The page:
Spotify Tests Beta Browser Version With Small Number Of Users

18 November 2012, 1:00 pm EST By Alexandra Burlacu Mobile & Apps

Spotify is testing a new way for users to stream music through any Web browser, as an alternative to the popular Spotify desktop application.

The music streaming service has confirmed on Thursday, Nov. 15, that a beta version of the Spotify Web app has started rolling out to a small group of users.

According to The Verge, the beta version of the Spotify Web site looks similar to the desktop software, and packs many of the same features, including playlist editing, Spotify Radio, as well as a "What's New" section. Just like the existing desktop version of Spotify, the Web version will offer free, ad-supported streaming for millions of songs on demand. Spotify did not provide an exact date for when the option would become available to a larger audience.

In a statement to The Next Web (TNW), Spotify said that it would offer more details regarding its Web player next year. The idea of a browser version of Spotify is not to replace the existing desktop version, but to offer an alternative.

"We can confirm we've launched a beta version of a Spotify web player that we're testing with a small number of users. Potentially it's a great feature for times you can't play music through the desktop app, like at work or at a friend's house," Spotify told The Next Web.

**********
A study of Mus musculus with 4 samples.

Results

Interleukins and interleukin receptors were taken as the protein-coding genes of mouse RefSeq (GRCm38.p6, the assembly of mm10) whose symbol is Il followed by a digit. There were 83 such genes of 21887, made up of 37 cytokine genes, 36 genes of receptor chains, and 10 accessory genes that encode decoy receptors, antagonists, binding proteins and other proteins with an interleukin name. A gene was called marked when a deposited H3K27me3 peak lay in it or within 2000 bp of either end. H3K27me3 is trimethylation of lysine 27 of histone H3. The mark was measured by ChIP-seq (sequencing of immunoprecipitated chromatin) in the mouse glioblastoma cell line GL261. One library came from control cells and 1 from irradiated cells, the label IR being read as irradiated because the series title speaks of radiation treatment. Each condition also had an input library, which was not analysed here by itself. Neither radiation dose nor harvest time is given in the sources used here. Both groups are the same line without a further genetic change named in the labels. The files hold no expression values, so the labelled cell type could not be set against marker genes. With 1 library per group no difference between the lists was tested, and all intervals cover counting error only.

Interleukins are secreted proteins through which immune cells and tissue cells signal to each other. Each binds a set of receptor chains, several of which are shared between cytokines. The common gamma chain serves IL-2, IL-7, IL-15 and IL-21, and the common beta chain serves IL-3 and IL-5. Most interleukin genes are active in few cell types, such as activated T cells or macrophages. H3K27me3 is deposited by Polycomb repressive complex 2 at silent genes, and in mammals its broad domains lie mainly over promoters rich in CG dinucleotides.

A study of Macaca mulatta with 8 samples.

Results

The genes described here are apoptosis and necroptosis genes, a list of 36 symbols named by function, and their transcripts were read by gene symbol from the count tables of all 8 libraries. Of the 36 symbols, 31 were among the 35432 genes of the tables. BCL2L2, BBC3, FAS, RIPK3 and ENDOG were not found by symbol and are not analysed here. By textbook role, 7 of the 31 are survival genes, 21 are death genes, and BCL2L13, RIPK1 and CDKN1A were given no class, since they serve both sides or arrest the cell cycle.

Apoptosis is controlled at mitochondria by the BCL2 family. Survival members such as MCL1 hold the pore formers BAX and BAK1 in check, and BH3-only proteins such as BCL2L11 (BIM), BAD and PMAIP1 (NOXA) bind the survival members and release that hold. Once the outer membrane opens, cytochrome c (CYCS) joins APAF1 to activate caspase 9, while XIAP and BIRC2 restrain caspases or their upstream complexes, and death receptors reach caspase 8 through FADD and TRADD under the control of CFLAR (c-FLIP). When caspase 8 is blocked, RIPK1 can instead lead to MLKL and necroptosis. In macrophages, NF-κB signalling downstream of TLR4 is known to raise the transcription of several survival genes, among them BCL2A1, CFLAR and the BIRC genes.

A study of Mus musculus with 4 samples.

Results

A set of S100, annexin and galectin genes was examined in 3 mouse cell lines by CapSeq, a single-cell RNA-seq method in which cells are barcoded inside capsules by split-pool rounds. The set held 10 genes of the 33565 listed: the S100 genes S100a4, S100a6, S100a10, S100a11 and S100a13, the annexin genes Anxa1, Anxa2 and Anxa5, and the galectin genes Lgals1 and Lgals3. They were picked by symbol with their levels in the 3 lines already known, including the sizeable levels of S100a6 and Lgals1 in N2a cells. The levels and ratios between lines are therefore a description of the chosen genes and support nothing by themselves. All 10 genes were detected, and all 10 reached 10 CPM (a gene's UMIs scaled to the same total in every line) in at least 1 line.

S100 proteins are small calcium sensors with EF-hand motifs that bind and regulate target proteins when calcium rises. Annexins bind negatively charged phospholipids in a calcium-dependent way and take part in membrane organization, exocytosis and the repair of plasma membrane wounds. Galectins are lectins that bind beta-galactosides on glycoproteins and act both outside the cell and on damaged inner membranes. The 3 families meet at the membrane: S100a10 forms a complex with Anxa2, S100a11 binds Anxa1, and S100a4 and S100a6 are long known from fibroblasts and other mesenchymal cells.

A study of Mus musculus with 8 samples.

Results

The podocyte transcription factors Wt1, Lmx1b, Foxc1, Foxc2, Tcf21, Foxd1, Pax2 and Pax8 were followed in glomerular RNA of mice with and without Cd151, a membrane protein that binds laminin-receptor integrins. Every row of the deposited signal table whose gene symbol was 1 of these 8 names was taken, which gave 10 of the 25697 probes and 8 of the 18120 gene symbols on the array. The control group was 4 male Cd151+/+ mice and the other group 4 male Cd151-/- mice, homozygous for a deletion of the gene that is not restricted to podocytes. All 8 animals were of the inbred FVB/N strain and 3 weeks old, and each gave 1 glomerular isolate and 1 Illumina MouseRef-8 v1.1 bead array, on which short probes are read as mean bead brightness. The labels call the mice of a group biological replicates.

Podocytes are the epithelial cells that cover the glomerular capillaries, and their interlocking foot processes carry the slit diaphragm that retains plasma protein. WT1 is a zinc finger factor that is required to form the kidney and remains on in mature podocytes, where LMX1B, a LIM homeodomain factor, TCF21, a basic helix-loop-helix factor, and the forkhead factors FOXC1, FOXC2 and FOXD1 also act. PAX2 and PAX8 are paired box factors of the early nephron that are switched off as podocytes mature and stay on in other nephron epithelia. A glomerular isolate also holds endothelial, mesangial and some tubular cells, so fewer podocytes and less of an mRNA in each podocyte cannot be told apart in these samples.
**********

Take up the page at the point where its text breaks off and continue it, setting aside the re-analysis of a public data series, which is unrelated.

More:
As PCWorld points out, offering both a desktop version and a Web version at the same time makes sense, because integration with the user's local music library and other such features would not necessarily work in a Web app. It remains unclear at this point whether the Web site will support Spotify apps. The screenshot obtained by The Verge does not show the feature anywhere.

A Web app would be a great alternative nonetheless, especially considering that users can't always install the software everywhere they go, on every computer they use. Besides, most rival music services, including Rdio, Rhapsody, Mog, and Grooveshark, already have Web apps. Microsoft's new Xbox Music service, however, does not have a Web app.

A browser-based version of the player has been one of Spotify's most requested features, and one of the top differences between Spotify and its main competitor Rdio. According to The Verge, the Spotify Web player is currently live in some regions, and users will receive a Facebook invite when the service is ready.

Spotify has not detailed its plans for beta access, but the player seems to be on track for an early 2013 release. Currently, trying to access the beta version returns an error message for most users who are not in the test group.

"We're currently testing this service on a limited number of users. So please bear with us," reads the message, which then invites users to download Spotify in the meantime.